While it is more desirable to begin estate planning early and have a comprehensive scheme in place, it is never too late to begin the process, and a will is a good foundational document to start with. And in fact, for some Pennsylvania residents, a will may be all they need. However, estate planning can be thought of as preparing for what could happen, not necessarily what is likely to happen. A will can achieve much of what many people need, but there may be better ways to get there.

Legal experts explain that a will at its most basic purpose can serve as the vehicle to transfer assets from the newly deceased person to his or her heirs. However, there are other ways to do the same thing. Bank accounts, investment accounts and brokerage accounts, for example, can be transferred via a transfer on death designation established before the decedent passed that becomes effective at the time of death. Additionally, assets that have ownership title or deeds, such as real estate, can be transferred via a trust instead of a will.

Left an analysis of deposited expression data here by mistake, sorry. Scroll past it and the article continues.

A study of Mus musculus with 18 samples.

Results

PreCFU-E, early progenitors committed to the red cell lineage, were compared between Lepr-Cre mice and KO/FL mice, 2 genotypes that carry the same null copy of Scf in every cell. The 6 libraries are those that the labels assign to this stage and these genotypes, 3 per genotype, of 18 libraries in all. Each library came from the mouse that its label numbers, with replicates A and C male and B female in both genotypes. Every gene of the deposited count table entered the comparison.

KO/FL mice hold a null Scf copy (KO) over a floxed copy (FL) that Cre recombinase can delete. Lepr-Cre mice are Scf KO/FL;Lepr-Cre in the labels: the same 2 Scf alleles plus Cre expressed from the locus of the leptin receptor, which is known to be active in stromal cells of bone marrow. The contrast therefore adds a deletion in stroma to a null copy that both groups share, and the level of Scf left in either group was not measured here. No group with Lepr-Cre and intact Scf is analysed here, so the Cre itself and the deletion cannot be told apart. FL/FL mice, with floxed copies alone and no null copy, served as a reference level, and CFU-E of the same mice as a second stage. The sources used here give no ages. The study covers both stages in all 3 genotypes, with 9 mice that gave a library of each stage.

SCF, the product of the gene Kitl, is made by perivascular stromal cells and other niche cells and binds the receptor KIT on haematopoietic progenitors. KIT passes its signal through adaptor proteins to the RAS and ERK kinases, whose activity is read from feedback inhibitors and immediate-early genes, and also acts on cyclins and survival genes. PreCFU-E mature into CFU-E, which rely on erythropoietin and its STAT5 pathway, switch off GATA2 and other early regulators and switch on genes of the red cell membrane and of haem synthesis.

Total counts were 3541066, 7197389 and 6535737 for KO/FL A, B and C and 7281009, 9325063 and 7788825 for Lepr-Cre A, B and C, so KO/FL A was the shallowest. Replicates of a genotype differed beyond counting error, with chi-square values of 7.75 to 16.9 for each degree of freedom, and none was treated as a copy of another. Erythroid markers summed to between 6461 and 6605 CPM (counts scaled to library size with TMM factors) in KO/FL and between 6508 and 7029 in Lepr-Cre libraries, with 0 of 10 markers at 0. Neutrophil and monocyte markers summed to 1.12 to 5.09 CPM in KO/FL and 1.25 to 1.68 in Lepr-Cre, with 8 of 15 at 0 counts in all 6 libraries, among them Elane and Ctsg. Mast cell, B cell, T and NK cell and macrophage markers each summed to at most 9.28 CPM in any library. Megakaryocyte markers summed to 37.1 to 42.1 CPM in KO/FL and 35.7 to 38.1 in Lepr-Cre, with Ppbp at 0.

Additionally, it is recommended powers of attorney be set up to protect the person in their lifetime prior to death. POAs can be established for the purpose of conducting financial transactions should the individual become temporarily incapacitated and also to provide direction as to the sort of medical care desirable at the end of life.

Not one size fits all in estate planning. An estate planning lawyer might offer advice and counsel on what documents can best protect an individual’s interests under the specific facts and circumstances. A will is a good place to start, but it is not all that is necessary.